Described in the entry to the 1987-88 Washington catalogue as 'sans contest le plus célèbre gouache de Fragonard' (loc. cit.), this famous and frequently exhibited work is one of only a very few drawings in bodycolour by the artist to have come down to us. Yet despite his unfamiliarity with the medium he shows that he has already made it his own: the combination of bodycolour with pastel and watercolour is typical of his enquiring, restless style. This vibrant character distinguishes it out The Gardens of the Villa d'Este, a drawing of similar type but on vellum, now in the E.V. Thaw Collection at the Pierpont Morgan Library, New York, which partly as a result of the smoothness of the support and partly because it records a known location gives a different sense of depth and space (C. Dufour Denison, Le Dessin Français, Chefs-d'Oeuvre de la Pierpont Morgan Library, exhib. cat., Paris, Musée du Louvre, and New York, Pierpont Morgan Library, 1993-94, no. 73). Fragonard uses bodycolour at other points in his career, often for highlights in watercolours, but seldom as completely as in these two examples. The technique of aquarelle gouache, that is watercolours highlighted with bodycolour, is found for example in La bonne mère in Saint Petersburg, and in three landscapes heavily influenced by Dutch art now in Lyon and two Parisian collections (Washington, 1987-88, nos. 160, 88, 89 and 93 respectively).
Like the Thaw drawing, which relates to a painting in the Wallace Collection, London, this present drawing revisits the composition with minor differences of detail and on a smaller scale, of Fragonard's picture of the late 1760s now in the collection of the Calouste Gulbenkian Foundation, Lisbon, one of the artist's most enchanting compositions (J.-P. Cuzin, op. cit., no. 193). It seems most likely that in both instances the drawings in bodycolour were commissioned by connoisseurs inspired by the hugely successful painted compositions, and would therefore slightly postdate them.
L'île d'Amour is distinguished by its diversity of technique. A dry brush is used to create the lush foliage, with the watercolour so transparent in some areas that the texture of the laid paper adds to the density of the trees. This alternates with thicker dabs of bodycolour seen in the flowerbeds, gondolas and figures, often drawn across powdery areas of pastel in a technique reminiscent of Liotard. A few quick, confident strokes, nearly pointillist in character, are used to indicate the sculptures in the far left background, and lighter strokes are used to create the transparency of the frothy pool of water in the foreground. The overall surface effect is one of rich, enamel-like brilliance. When seen under infra-red light, the drawing exhibits traces of Fragonard's characteristic black chalk underdrawing, though the opacity of the bodycolour inhibits a full assessment of the extent of the black chalk. Given his highly confident technique, the artist would surely have been capable of producing the composition in a different medium without hesitation.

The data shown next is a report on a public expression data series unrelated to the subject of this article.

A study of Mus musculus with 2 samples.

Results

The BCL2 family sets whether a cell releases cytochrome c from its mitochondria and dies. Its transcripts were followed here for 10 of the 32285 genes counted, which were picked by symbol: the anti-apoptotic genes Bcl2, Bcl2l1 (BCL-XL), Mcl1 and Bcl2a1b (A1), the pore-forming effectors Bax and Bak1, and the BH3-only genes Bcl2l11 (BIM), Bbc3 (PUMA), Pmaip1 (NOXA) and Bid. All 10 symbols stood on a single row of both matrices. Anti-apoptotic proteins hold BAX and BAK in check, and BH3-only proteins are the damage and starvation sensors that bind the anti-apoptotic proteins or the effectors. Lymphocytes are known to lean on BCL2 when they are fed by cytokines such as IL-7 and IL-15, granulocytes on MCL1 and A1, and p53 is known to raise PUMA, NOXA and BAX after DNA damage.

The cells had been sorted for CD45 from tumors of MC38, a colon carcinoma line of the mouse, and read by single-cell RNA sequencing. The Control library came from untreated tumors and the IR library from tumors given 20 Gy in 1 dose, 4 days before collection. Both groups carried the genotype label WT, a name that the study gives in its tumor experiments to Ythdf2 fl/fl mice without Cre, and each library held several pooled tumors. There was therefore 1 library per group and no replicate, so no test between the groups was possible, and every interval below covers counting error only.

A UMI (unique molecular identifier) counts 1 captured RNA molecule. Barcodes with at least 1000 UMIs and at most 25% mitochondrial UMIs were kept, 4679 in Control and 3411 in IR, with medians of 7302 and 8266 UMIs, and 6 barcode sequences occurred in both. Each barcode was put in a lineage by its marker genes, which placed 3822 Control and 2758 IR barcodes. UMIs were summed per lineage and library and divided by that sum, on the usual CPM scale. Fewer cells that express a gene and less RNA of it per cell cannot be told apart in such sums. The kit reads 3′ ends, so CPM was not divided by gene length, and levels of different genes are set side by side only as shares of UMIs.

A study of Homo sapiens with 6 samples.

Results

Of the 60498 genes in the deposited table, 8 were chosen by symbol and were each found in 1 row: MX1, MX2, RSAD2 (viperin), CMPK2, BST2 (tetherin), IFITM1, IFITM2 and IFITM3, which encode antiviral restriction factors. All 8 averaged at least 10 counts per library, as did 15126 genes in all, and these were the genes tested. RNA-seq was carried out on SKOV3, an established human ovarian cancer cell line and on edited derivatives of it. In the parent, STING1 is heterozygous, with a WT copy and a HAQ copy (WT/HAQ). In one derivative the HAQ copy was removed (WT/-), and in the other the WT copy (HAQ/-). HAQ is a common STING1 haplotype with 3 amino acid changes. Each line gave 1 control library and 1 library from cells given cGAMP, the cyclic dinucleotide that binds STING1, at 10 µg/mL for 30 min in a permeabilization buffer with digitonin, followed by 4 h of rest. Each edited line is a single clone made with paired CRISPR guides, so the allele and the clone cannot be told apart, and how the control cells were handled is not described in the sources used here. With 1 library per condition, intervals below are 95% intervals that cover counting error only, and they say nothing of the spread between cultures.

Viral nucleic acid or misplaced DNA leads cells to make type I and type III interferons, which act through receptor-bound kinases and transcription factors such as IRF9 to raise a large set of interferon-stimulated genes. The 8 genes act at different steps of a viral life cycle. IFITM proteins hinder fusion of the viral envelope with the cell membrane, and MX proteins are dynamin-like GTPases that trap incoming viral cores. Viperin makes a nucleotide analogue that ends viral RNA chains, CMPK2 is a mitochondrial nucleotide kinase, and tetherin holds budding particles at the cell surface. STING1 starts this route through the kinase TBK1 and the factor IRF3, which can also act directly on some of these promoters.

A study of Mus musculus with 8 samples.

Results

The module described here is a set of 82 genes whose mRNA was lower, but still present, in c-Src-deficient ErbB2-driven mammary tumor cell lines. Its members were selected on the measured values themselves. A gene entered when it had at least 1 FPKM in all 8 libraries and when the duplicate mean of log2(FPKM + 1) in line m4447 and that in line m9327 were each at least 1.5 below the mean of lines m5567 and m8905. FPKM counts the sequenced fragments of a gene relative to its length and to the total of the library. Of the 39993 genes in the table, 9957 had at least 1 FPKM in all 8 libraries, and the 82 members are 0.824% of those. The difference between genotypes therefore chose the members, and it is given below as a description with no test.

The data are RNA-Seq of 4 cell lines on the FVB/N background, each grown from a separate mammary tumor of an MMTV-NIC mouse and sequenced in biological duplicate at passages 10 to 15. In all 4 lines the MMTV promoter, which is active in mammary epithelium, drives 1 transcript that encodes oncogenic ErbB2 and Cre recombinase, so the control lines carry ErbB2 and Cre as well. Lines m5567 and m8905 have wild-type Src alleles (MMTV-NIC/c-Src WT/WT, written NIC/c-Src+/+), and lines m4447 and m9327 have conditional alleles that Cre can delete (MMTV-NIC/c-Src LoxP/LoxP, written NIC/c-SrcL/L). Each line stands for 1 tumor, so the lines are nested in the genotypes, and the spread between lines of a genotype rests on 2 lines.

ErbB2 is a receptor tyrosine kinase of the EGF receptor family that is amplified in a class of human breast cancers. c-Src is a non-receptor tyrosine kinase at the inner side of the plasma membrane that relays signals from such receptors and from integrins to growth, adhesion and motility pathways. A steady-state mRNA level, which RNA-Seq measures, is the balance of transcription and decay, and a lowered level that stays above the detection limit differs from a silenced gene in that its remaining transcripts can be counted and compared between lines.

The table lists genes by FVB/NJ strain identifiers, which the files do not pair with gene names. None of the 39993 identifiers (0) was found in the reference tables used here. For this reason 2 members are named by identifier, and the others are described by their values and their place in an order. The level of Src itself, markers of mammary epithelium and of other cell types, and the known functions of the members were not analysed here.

Two drawings are associated with the project: a full compositional drawing formerly in the Forsyth Wickes Collection (Paris and New York, Fragonard, exhib. cat., 1987-88, p. 357, fig. 1) and a study for the gondola in the lower right, formerly in the Schiff Collection, New York (A. Ananoff, op. cit., nos. 247-248, the two entries mixing the provenance of a single drawing). Pierre Rosenberg, in his 1987-88 catalogue, proposes that the compositional study was made after the painting, like the bodycolour and perhaps as part of the preparation for that project, while the drawing of the gondola may have been an earlier preparatory study.
The picture was first given the title L'île d'Amour in a 1795 auction catalogue, and it was not until the middle of the 19th Century that the name La Fête à Rambouillet appeared. This identification associates the scene with the Duc de Penthièvre's pleasure gardens at the Chateau de Rambouillet where the Royal family were often visitors. It seems more likely, given the artist's temperament, inventiveness and technical dexterity that the scene was entirely a product of Fragonard's imagination. The composition is heir to the tradition of painting fêtes galantes established by Watteau in the first quarter of the 18th Century and can perhaps be seen in part as Fragonard's response to Watteau's Embarkation for Cythera now in the Louvre.
The composition was well known in Fragonard's lifetime. The picture changed hands twice at auction before the artist's death in 1806, and twice after that before 1810, and was described glowingly in each catalogue. Its popularity no doubt probably accounts for two apparent replicas in French auction catalogues in 1777 and 1779, by Pérignon and Lantara respectively, first published by Pierre Rosenberg in 2000 (P. Rosenberg, op. cit., 2000, p. 189).
We are very grateful to Eunice Williams for her help in cataloguing this drawing.